Fujifilm X-E4 (X-Trans IV) Film Simulation Recipe: September Summer

Peak of Sunlight – Buckeye, AZ – Fujifilm X-E4 – “September Summer”

I get asked frequently to create Film Simulation Recipes that mimic various films, and occasionally the aesthetic of specific photographers. In the case of this recipe, someone wanted me to recreate the look of photographer Brian Chorski. While Brian’s images seem to have a cohesive style at first glance, upon closer inspection one can spot several subtle variations. After much research, I discovered that he primarily shoots film—both 35mm and medium-format—and he prefers Kodak emulsions, especially Portra 160, Portra 400, Portra 800, and Ektar 100. I believe that he uses a warming filter at least some of the time, perhaps most of the time. I think he tends to overexpose (a common color negative film technique), and (obviously) his scanning and post-editing play a role in the final outcome. Also, he shoots primarily in the warm summer months.

I believe that several already existing Film Simulation Recipes at times come close to Brian’s look (some more than others), including Kodak Portra 160, Kodak Portra 400 v2 (this one, too), Kodak Portra 400 Warm, Kodak Portra 800 v2, Kodak Ultramax 400, Kodak Max 800, Kodak Ektar 100, Vintage Vibes, Pacific Blues, Bright Summer, and Bright Kodak. I’m sure there are others, too. Still, some of Brian’s pictures don’t seem to match any of those recipes, so I came up with a new one. This recipe, which I’m calling September Summer, is intended to replicate the aesthetic of some of Brian Chorski’s photographs. It seems best suited for sunny conditions, producing warm images that will remind you of seemingly endless summer days (which are now waning).

Chill Vibes – Buckeye, AZ – Fujifilm X-E4 – “September Summer”

This “September Summer” Film Simulation Recipe is compatible with the Fujifilm X-Pro3, X100V, X-T4, X-S10, X-E4, and X-T30 II cameras, but not the X-T3 and X-T30, unfortunately. I believe it is also fully compatible with the X-H2 and X-H2s, but I have not tried it to know for sure. Those with newer GFX cameras can use it, too, but it will render slightly different. I don’t think this is a recipe that most will use regularly, but I believe some of you will really appreciate it in the right conditions.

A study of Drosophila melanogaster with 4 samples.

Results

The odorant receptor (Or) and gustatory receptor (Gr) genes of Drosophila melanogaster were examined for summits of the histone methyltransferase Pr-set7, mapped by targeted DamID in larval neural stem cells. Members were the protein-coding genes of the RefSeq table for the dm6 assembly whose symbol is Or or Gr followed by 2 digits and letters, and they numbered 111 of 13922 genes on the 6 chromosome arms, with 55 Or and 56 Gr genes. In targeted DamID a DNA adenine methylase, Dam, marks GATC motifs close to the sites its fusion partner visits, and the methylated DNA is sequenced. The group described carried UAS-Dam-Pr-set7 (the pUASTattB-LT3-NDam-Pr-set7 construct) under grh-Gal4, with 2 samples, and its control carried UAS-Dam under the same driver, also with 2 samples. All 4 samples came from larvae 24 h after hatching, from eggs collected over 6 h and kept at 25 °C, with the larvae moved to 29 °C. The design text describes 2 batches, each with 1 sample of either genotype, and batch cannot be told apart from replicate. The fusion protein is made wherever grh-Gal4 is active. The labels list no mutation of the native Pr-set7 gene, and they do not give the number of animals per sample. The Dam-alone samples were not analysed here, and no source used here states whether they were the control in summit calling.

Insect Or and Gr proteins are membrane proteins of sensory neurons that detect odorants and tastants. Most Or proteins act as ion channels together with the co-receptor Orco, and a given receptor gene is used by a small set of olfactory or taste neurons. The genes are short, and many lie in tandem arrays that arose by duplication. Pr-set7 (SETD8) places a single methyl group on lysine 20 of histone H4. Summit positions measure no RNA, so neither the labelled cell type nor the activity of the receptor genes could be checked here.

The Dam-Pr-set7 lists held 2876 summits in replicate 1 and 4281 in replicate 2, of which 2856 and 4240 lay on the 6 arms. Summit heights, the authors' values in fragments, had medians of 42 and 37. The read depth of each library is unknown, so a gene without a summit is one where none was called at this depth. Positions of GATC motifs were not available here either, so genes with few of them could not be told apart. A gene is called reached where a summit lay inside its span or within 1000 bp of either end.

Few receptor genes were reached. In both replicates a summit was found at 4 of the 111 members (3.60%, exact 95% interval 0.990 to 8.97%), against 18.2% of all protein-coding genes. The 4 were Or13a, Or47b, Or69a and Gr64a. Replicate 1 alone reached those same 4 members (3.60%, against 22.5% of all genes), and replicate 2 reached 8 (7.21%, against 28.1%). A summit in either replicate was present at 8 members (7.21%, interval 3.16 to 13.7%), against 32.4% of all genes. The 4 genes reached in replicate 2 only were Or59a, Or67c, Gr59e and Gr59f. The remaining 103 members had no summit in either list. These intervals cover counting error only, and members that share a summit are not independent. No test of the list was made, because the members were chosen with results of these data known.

Classic Negative
Dynamic Range: DR400
Highlight: -1
Shadow: -1
Color: +1
Noise Reduction: -4
Sharpness: 0
Clarity: -4
Grain Effect: Weak, Small
Color Chrome Effect: Off
Color Chrome Effect Blue: Weak
White Balance: 5500K, +3 Red & -7 Blue
ISO: Auto, up to ISO 6400
Exposure Compensation: 0 to +1 (typically)

Example photographs, all camera-made JPEGs using this “September Summer” Film Simulation Recipe on a Fujifilm X-E4:

First Day of Fall – Buckeye, AZ – Fujifilm X-E4
Saguaro Among Trees – Buckeye, AZ – Fujifilm X-E4
Dead Agave – Buckeye, AZ – Fujifilm X-E4
Bougainvillea in the Light & Shadow – Buckeye, AZ – Fujifilm X-E4
Trumpets & Wall – Buckeye, AZ – Fujifilm X-E4
Empty Pot – Buckeye, AZ – Fujifilm X-E4
Summer Frog – Buckeye, AZ – Fujifilm X-E4
Intersection – Buckeye, AZ – Fujifilm X-E4
Little Leaves, Little Blooms – Buckeye, AZ – Fujifilm X-E4
Cluster of Bougainvillea – Buckeye, AZ – Fujifilm X-E4
Blossom, Hiding – Buckeye, AZ – Fujifilm X-E4
September Blossom – Buckeye, AZ – Fujifilm X-E4

Find this Film Simulation Recipe and nearly 250 more on the Fuji X Weekly — Film Recipes App!


    This is wonderful, Ritchie. It’s Classic Negative, but not overpoweringly so. I love the softness too with the -4 clarity. Good work!

    • Ritchie Roesch · September 27, 2022

      Thanks so much! Love using minus Clarity 😀

  2. Francis.R. · October 2, 2022

    “Little leaves” is my favorite photo, it makes me think in a watercolor painted on kraft paper, or a 70’s National Geographic magazine, never opened but uniformly desaturated due time.